The Centre for Scotland’s Land Futures brings together expertise from the three collaborating institutions, along with that of our Partners, and Associates. We work closely with other stakeholders in the educational sector (from early years to post-doctoral levels), creative, charitable and heritage bodies as well as with social enterprise groups.
The Centre assists in facilitating fruitful partnerships with our staff, students and the wider community, and aims to showcase innovative work on investigating Scotland’s land issues within wider British and European contexts, past, present and future.
We organize and host a range of conferences, lectures, exhibitions and research seminars. These can be academic as well as policy-based, and creative. Working with and developing partnerships with external stakeholders and interested parties is central to our mission. We welcome new partnerships, both within and beyond Scotland. We are keen to locate our activities within the global context.
For further information on any aspect of the Centre’s work, currently or in the future, please contact the Acting Director, Professor Christopher Whatley, or the Co-Directors Dr Iain Robertson (University of the Highlands and Islands) Prof Gavin Little (University of Stirling).
Prof Gavin Little is Professor of Environmental and Public Law at the University of Stirling. He is also Adjunct Professor at the School of Law, Queensland University of Technology in Australia. Prof Little’s research addresses environmental and energy law and public law regulation; and developing new, interdisciplinary approaches to legal scholarship. A key theme in his work is integrating legal and regulatory analysis with politics, public administration, history and culture. He is a member of the Royal Society of Edinburgh Energy Inquiry Committee, and Principal Investigator of the RSE funded Connecting with a low-carbon Scotland Research Network in the Arts and Humanities.
Contact: Law, B5 Pathfoot Building, University of Stirling, FK9 4LA, or email@example.com.
I am the Reader in History at the Centre for History, University of the Highlands and Islands. By training and inclination, however, I am a historical geographer. This means that I take an interdisciplinary approach to everything I do. My research interests are diverse but united by a strong conceptual and empirical approach to the social and cultural processes that underpin and challenge rural landscape change. My most recent project has explored the relationship between land, heritage and identity in the crofting landscape in the late twentieth century and most recent publication on this theme, Landscapes of Protest in the Scottish Highlands after 1914: the later Highland Land Wars (2013), which was shortlisted for the Saltire Society’s History Book of the Year.
Contact: History, University of the Highlands and Islands, firstname.lastname@example.org.
Dr. Yeung is a theorist, literary critic, poet, and artist. She has critical and creative research interests in the intersections between artistic-, literary-, spatial-, ecological- and community- based understandings and articulations of the environment. Current subjects of keen interest include Scotland’s Native Woodlands and ‘National Scenic Areas’ (particularly read via William Murray’s 1962 Highland Landscape survey), and the ‘energy landscapes’ of the Highlands and Islands. An on-going research project catalogues and analyses the effects and impacts of site-specific permanent poetic installations in Scotland. Earlier writing about Scottish locative poetry and the environment can be found in the British Academy’s Where We Live Now report . She is the author of Spatial Engagement with Poetry (2015), and incoming editor for the Journal Northern Scotland (EUP). Her poet’s page at the Scottish Poetry Library can be found here.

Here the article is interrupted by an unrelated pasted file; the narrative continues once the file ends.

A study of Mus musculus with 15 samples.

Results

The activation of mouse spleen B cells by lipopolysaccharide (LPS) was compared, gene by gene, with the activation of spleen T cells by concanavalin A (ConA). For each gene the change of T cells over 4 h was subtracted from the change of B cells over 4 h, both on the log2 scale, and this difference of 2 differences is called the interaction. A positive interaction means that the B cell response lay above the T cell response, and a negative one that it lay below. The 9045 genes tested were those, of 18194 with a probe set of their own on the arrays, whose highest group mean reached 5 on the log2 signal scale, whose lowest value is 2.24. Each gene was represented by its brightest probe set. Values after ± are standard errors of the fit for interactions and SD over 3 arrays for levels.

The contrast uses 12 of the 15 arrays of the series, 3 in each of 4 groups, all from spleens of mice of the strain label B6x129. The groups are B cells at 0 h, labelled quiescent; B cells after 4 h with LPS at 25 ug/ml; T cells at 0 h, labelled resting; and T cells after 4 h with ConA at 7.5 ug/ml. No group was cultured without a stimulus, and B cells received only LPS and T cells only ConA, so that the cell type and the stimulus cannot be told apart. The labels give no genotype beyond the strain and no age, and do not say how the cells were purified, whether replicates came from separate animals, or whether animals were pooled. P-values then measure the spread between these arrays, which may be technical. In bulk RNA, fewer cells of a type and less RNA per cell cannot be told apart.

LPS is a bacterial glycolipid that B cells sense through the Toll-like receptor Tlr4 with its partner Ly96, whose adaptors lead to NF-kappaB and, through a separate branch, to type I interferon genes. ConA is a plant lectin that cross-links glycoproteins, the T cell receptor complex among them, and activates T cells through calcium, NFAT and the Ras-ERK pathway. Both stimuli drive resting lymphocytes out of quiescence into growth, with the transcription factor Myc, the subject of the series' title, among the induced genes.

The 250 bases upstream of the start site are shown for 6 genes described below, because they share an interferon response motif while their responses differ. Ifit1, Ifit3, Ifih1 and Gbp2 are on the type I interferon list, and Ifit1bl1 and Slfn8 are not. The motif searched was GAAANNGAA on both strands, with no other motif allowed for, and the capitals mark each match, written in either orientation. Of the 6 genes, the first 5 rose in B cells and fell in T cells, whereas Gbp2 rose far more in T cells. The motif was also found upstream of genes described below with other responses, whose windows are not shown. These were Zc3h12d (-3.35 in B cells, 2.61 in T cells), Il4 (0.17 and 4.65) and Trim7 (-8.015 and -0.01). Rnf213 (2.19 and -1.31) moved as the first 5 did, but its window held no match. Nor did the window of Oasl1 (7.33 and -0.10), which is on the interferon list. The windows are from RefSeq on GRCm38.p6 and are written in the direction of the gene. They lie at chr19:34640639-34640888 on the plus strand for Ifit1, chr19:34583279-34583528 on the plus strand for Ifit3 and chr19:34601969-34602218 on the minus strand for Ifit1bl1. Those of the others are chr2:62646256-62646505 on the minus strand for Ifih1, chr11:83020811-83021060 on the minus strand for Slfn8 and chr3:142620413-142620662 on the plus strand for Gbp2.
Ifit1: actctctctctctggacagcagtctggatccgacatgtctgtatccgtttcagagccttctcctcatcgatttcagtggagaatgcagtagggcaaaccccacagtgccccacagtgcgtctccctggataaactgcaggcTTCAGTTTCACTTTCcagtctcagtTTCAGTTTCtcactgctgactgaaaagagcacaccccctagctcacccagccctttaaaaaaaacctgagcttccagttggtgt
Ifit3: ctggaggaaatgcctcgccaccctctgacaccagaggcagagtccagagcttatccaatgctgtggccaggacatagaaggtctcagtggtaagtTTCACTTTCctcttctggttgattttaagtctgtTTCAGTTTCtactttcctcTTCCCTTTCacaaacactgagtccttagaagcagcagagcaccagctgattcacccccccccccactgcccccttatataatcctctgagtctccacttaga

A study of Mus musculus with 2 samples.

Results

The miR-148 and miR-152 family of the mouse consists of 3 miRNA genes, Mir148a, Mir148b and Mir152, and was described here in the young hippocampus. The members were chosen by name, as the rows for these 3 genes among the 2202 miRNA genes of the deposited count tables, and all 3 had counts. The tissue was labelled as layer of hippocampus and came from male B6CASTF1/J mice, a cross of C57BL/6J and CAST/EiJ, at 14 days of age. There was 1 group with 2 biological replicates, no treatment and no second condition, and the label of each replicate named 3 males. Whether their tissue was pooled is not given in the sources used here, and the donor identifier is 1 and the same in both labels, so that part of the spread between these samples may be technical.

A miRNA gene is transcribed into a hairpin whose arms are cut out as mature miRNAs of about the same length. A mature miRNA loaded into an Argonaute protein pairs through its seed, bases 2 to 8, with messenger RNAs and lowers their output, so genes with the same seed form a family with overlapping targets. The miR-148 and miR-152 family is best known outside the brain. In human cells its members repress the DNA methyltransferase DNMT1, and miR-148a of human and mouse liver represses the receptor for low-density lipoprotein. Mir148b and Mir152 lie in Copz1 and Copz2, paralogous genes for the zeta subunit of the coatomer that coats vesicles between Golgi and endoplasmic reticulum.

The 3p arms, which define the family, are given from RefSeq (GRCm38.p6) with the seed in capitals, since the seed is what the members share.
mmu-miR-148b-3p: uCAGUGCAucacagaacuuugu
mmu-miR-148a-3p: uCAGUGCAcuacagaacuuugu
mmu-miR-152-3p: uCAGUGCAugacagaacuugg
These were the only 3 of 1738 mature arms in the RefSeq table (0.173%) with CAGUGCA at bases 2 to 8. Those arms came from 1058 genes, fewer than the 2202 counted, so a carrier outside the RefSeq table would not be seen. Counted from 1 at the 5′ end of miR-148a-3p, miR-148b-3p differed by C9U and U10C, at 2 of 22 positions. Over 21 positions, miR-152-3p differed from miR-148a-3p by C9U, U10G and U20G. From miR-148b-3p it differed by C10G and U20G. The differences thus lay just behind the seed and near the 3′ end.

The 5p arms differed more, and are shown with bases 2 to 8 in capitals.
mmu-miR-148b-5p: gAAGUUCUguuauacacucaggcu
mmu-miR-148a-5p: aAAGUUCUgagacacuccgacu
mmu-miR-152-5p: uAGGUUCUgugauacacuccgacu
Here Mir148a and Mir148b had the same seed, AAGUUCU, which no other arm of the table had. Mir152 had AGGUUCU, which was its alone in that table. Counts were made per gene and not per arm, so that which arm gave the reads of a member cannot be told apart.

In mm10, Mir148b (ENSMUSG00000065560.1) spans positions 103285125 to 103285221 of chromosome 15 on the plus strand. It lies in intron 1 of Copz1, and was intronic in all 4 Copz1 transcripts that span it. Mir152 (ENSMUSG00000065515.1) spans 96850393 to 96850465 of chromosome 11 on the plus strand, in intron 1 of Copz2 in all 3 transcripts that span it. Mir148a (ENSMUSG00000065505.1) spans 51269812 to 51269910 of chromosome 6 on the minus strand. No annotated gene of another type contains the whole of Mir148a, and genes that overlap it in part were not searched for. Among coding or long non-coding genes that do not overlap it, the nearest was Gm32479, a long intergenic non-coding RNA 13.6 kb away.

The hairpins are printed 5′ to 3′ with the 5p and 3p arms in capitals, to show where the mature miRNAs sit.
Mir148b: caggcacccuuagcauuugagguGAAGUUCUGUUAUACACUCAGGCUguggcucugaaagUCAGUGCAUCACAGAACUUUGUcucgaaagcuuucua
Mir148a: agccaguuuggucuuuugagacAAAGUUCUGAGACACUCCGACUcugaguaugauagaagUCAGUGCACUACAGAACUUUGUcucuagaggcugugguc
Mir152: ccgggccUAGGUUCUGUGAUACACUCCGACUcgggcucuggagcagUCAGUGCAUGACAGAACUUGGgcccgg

Contact: Tower Building, University of Dundee, Nethergate, Dundee, DD1 4HN, or email@example.com.
Dr Annie Tindley is a senior lecturer in Modern British History at Newcastle University. She was the founding Director of the Centre for Scotland’s Land Futures at the University of Dundee. She completed her MA (2001), MSc by Research (2002) and PhD (2006) in History at the University of Edinburgh, focusing her research on the modern history of rural Scotland. Her particular research interest has been in landed estates and their aristocratic owners and management, especially when faced with the challenges of land reform from the 1870s. She has also worked on a number of collaborative projects with scientists, water engineers, practising doctors and design specialists, looking at areas as diverse as the impact of river morphology on social history and the history of healthcare provision in the Highlands. Her current major research project is to examine the imperial dimension of Scottish and Irish landed aristocrats, their estate management, responses to land reform and the nature of imperial governance, through the life and career of Lord Dufferin and Ava. She maintains side interests in great dogs and horses of the past and the history of the steam plough.
Micky Gibbard is in the final stages of his PhD study. His thesis was examined at the University of Dundee in November 2018 and looked improvement, landownership and the planned village movement in eighteenth and early nineteenth-century Scotland. As part of his research he has significant links with the Argyll Estate Archives through the SGSAH Applied Research Collaborative Scheme and his additional work on the Written in the Landscape Project, run by Argyll and Bute Council. Outside this, his interests cover the rural social history of England and Scotland between the seventeenth and nineteenth centuries. More specifically, his interests look at the concepts and character of landownership, the landed elite, the history of surveying and cartography and rural development, landscape change and its effects throughout the long eighteenth century.